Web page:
The Beginning of the End of Internet Entitlements?
Should campus uber-users who consume lots of bandwidth pay extra for Internet access?
There is significant grist for the campus technology policy mill in the news that UT-Austin is reviewing plans to charge student “uber-users” supplemental fees for very high levels of bandwidth consumption. The student fees vary depending on weekly bandwidth activity: the base level, 10 Gb (gigabytes) weekly, is included in the room rate for on-campus students. The supplemental fees begin at $27/annually for students who consumer more than 10 Gb but less than 50 Gb weekly, and rise to $60 annually (academic year) for students who use as much as 500 Gb weekly. (For contextual purposes, the DVD file for many two-hour long commercial movies can be about 4-5 gigabytes.)
The first issue, as noted in Carl Straumsheim’s August 4 report published by Inside Higher Ed, involves net neutrality: even as virtually all organizations that lobby on behalf of academe in Washington have come out in a single (and very loud) voice supporting the concept of net neutrality, the proposed policy at UT-Austin would create a very similar fast lane/slow lane structure that many academic experts rail against in their arguments in support of net neutrality.
[SIDEBAR: A recent three-part series in Wired offers interesting information on and significant insight into the truly complex issue of net neutrality. Part 1 (“What Everyone Get’s Wrong in the Debate Over Net Neutrality”) argues that the much-feared fast lanes are already here and may have helped to save the Internet from chaos. Part 2 profiles Tim Wu, the Columbia University law school professor who is often cited as the “father of net neutrality.” And Part 3 (“The Case for Net Neutrality’s Nuclear Option”) describes the two-class structure of the FCC’s Internet regulation, involving common carriers and Internet service providers (ISPs), and the consequences these categories have for the future of the Internet. Taken together, these three article provide an ample dollop of cognitive dissonance for individuals on all sides of the net neutrality issue.]
The second issue for uber-users at UT-Austin is really about Internet entitlements. Historically most institutions have worked on an “all you can eat” model of Internet service. Students (often, not always) paid an IT fee that included generally unrestricted Internet access; faculty and administrators at many institutions pay a monthly connection fee, also typically without restrictions on bandwidth consumption.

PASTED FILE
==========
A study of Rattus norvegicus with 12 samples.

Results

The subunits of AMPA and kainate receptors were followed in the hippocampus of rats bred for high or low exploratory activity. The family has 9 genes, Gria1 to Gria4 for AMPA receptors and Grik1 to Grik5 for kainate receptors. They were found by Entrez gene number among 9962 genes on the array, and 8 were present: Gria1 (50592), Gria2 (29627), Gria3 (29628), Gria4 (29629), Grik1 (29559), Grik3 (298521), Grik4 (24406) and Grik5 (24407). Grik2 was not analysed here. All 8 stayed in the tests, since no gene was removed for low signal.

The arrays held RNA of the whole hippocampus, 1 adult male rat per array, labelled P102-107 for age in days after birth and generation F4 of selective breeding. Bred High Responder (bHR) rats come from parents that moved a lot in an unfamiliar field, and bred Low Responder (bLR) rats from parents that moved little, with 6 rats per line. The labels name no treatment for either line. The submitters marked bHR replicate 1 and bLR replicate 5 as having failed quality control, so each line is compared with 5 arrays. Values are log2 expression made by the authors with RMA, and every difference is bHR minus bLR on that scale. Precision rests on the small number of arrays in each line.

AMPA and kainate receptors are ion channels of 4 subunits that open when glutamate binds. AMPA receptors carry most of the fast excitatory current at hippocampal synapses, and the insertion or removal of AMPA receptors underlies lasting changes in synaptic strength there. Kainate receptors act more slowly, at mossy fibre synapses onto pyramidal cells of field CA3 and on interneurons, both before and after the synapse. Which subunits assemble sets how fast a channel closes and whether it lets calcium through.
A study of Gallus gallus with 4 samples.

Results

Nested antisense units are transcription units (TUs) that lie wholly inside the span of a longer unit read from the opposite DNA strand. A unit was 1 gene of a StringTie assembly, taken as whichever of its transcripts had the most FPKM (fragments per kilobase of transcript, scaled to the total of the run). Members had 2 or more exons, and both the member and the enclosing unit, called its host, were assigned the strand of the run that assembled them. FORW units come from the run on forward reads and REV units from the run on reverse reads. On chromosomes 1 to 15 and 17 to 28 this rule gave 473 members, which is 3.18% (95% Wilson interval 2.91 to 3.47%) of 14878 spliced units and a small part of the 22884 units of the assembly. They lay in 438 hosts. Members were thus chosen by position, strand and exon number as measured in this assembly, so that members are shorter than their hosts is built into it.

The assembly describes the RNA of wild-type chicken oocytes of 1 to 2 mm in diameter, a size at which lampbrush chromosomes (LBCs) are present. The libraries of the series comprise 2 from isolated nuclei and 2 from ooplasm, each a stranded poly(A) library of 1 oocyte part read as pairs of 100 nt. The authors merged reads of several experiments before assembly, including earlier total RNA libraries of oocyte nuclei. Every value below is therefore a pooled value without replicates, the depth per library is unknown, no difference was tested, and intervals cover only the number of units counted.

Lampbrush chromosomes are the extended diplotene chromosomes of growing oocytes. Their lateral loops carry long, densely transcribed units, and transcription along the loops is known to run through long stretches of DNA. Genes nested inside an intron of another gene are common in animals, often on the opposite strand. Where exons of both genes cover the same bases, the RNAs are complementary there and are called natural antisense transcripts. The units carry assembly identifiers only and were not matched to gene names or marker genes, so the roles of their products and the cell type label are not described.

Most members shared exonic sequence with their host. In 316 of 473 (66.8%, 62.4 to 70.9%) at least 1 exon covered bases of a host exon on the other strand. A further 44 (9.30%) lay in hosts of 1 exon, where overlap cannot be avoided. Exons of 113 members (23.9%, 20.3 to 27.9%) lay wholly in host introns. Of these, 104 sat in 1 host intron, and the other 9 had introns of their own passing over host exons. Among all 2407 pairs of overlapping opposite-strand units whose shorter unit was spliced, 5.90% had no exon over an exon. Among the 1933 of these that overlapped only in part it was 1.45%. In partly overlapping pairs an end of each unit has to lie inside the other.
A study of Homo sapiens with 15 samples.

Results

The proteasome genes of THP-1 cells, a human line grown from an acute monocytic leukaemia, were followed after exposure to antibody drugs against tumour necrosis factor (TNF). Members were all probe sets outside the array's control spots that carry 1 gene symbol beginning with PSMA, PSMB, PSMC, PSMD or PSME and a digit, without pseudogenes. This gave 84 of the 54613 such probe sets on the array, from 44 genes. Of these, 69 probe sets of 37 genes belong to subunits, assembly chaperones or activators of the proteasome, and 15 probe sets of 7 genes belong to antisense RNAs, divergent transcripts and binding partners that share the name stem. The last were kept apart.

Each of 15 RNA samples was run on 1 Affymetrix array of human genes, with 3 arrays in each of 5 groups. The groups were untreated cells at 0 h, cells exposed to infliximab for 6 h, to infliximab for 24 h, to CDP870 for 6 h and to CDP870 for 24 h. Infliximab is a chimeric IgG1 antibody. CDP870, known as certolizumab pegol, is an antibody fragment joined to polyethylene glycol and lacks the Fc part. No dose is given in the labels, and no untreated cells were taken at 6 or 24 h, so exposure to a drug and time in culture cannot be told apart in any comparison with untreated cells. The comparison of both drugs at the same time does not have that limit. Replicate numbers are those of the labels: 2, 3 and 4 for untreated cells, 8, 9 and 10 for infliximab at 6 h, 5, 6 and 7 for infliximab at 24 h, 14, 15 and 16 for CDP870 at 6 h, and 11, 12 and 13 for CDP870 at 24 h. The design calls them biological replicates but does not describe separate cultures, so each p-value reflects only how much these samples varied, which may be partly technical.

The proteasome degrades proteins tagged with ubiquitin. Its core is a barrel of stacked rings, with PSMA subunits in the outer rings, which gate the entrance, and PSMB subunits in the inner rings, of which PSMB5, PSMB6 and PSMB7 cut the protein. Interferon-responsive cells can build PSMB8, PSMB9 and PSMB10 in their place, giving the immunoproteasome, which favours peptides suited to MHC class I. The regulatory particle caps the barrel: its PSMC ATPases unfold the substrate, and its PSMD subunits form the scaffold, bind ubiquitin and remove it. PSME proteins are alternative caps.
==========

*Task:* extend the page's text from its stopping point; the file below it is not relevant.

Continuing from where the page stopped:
It should come as no surprise that the demand for bandwidth – both wired and wireless – has exploded in recent years. Students, faculty, administrators, and staff have multiple devices – desktop computers, laptops, tablets, and smartphones – which they have, understandably, felt entitled to connect to campus networks. Moreover, video – including instructional content from the Khan Academy, the podcasts and vodcasts of course lectures, the video archives of campus presentations by distinguished speakers, and the media projects prepared by students – has become an increasingly ubiquitous part of the academic experience. A growing number of campuses now stream their athletic events over the Internet, intended for both on-campus and off-campus/alumni audiences. And then there is the explosive growth of streaming video content in the consumer market, perhaps best symbolized by Netflix, which at times accounts for up to a third of all after-business hours Internet traffic.
Colleges and universities have long known that a large proportion of the student activity on the campus network is not connected to academic work. This emerged publically decade ago during Congressional hearings when Members, supported (indeed urged on) by the Recording Industry Association of America (RIAA), charged college and university officials with being indifferent, at best, to the illegal P2P piracy of digital music over the campus networks.
But good, bad, or otherwise, most campuses have maintained an “all you can consume” policy on bandwidth, and most campus users feel entitled to bandwidth for all their devices.
Yet some change may be inevitable. You may recall that at one time your plane ticket included a meal and checked baggage; today however, food and luggage are, for most travelers, unbundled services and involve additional fees. Internet providers – be they the CIO on your campus who is responsible for wired and wireless services or the CEO of the commercial service that provides broadband to your residence – are all looking for new sources of revenue. As we all consume more broadband, consumption fees, common in some other countries, may well become part of landscape both on campus and in the consumer market.
Whatever the resolution of uber-user fees UT-Austin – as of late last week the policy was “on-hold” pending additional review – the public discussion at UT-Austin will serve to fuel more campus conversations about bandwidth entitlement and how colleges and universities should address the explosive demands and accompanying rising costs of providing more and better/higher speed bandwidth to students, faculty, administrators, and staff.